Vaccinations - Do our dogs need of of them?

Shots in the Dark?
Arnold Plotnnick, DVM
Republished from Dog Fancy Magazine, October 2000

Veterinarians and dog owners question the need for certain booster vaccinations.

It was obvious something was wrong with Maggie the moment she arrived at the veterinary clinic.  She held her head low and stepped slowly and tentatively – not the same perky young Shetland Sheepdog I had vaccinated two weeks ago.

“She was fine for about a week after our last visit,” said Dana Lasser of Oderton, MD, Maggie’s owner.  “Last week, however, her appetite slowly decreased, and she started slowing down and getting weaker.  Today, she stumbled down the stairs, and now she can barely walk af few steps before she has to stop and rest.”

I rushed Maggie into an exam room.  The dog’s gums were white as a sheet, a sure sign of anemia.  I took a blood sample, performed several tests, and came to a diagnosis:  immune-mediated hemolytic anemia.  This type of anemia occurs when the immune system attacks the body’s own red blood cells.  Treatment is difficult, frustrating and often unsuccessful.

“I can’t help wondering if the vaccinations she received could have had something to do with her anemia, “Lasser says.

Experts question whether vaccinating too often creates more risks than benefits.

Vaccinations probably have done more for the health of dogs than any other veterinary advances.  The lifespan of pets today is largely the result of our control over preventable diseases.  However, as veterinary-immunology developments emerge and side effects associated with vaccination become apparent, veterinarians and their clients have begun to question the need for yearly boosters.

Option vs. necessity

It’s difficult to say which canine vaccines are necessary and which are of limited or no value.  The American Association of Feline Practitioners, in conjunction with the Academy of Feline Medicine, issued vaccination guidelines that also can be applied to dogs.  They divide vaccines into two groups:  core and non-core.  Core vaccines are those every animal needs.  Non-core vaccines are those to be considered based on various factors, including the risk of disease exposure, disease severity, the efficacy and the safety of the vaccine, and clien-specific concerns such as cost and convenience.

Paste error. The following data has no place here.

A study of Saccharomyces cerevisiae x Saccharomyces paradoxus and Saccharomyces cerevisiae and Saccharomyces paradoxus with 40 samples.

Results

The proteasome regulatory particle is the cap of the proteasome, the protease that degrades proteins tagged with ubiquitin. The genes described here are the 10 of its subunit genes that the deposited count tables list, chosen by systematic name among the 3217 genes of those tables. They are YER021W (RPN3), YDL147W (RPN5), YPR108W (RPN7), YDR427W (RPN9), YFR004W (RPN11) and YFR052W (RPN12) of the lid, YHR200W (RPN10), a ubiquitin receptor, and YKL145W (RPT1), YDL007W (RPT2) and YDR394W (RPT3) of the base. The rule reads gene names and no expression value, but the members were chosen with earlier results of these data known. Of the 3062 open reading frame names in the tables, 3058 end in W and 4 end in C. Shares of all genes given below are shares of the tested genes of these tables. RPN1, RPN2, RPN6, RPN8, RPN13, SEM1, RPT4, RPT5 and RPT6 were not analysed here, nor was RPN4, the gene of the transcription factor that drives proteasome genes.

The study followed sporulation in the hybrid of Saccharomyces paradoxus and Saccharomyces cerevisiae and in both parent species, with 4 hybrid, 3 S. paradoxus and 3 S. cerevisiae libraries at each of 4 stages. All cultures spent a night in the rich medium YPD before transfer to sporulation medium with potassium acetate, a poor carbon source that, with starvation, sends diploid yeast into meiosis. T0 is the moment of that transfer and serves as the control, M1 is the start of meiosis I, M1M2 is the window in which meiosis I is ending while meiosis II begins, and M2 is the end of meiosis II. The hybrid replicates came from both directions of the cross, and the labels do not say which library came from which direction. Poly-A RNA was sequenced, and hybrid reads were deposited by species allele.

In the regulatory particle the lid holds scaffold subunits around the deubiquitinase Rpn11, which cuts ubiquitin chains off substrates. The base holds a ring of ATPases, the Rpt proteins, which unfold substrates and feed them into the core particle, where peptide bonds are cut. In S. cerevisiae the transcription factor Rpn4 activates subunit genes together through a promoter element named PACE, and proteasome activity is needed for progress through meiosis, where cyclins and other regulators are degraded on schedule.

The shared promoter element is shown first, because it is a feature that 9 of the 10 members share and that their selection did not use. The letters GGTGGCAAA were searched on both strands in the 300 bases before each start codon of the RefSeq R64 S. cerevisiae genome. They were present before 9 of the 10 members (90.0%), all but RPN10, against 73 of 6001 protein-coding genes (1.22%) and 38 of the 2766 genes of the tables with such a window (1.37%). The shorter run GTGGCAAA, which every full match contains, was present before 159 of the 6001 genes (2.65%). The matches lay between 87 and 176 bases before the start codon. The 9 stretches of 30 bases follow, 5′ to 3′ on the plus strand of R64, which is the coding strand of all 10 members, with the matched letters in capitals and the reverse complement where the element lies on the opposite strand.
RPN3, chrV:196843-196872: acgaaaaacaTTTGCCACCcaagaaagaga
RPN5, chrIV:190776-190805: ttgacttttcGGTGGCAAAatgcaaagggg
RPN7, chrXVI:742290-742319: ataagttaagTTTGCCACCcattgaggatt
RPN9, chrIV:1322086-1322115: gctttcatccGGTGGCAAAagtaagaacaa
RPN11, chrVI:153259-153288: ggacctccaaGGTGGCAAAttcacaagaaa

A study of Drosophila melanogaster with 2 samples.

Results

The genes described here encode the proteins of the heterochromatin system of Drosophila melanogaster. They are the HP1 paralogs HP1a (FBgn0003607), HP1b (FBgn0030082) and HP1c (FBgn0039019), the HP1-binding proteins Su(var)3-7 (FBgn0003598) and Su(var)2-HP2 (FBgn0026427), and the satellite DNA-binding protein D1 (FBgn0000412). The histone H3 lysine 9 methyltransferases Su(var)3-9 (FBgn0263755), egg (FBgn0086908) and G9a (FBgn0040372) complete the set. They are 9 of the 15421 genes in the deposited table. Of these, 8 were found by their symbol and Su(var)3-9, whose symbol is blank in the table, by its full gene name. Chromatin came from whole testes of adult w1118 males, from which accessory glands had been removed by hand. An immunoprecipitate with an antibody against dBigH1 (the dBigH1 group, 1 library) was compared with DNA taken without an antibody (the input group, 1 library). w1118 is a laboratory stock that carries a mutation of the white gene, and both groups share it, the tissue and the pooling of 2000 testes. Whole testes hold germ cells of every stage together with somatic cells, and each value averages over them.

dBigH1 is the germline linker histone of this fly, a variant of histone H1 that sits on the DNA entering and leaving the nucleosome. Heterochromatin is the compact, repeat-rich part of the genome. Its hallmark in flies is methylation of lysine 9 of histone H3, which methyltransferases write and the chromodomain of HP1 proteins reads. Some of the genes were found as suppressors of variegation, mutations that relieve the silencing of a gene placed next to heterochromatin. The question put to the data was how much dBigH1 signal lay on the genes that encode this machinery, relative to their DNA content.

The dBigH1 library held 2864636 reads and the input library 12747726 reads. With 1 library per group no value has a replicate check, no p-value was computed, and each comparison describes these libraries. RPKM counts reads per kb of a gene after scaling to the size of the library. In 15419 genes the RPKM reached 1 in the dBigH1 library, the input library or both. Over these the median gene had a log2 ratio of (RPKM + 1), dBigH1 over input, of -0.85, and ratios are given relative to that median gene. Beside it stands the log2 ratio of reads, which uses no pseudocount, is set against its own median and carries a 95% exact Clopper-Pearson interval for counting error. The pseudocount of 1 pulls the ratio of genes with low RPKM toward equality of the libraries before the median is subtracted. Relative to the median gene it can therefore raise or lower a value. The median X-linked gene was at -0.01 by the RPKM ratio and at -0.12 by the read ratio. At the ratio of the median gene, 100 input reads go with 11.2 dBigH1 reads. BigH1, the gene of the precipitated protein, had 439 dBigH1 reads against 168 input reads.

Most veterinarians agree every dog should be vaccinated against rabies, distemper, adenovirus (infectious hepatitis) and parvovirus.  Some also list parainfluenza and bordetella (kennel cough) among core vaccines.  Vaccines against coronavirus, Lyme disease, leptospirosis and giardia are generally considered non-core.

Commonly, dogs receive vaccinations throughout life if the disease for which the vaccine protects can affect the animal at all stages of life and if the immunity produced by the vaccine is short-lived.

However, recent research has shown dogs vaccinated against the canine distemper virus as puppies, for example, develop antibody levels that persist for many years.  Studies on dogs vaccinated against parvorirus have shown that immunity to this potentially fatal disease lasts several years and may be lifelong in some instances.

Rabies is the most important core vaccine due to the fatal nature of the disease in animals and it’s human-health implications.  Public health authorities set frequency standards for rabies vaccination.  Many studies have shown the three-year rabies vaccine induce immunity.

Some vaccinations offer immunization for three years.

The fact that the duration of immunity for most core vaccines is three years (and often much longer) has led many veterinary universities to change their vaccination  protocols.  Private veterinarians also have begun to embrace these changes.

The Bad with the good

Any vaccine can induce adverse reactions, including local pain and swelling, hives, fever, lethargy, and decreased appetite.

But, serious side effects are uncommon.  Avoiding vaccination is not an option.  The goal is to vaccinate more dogs, less often.

Maggie’s distemper vaccine might have caused or accelerated her anemia.  A 1996 University of Pennsylvania School of Veterinary Medicine study documented a relationship between vaccination and immune-mediated hemolytic anemia in dogs.

Maggie was lucky.   After hospitalizations and two blood transfusions, her condition improved.  I am monitoring Maggie closely, and Lasser and I are working together to figure ou the best vaccination schedule.  I don’t ever want to through this again, Lasser says.

Arnold Plotnnick, DVM, is vice president of animal health for the American Society for the Prevention of Cruelty to Animals in New York.

Related Links:[1].htm - A Very good review and awareness of how dangerous vaccines are.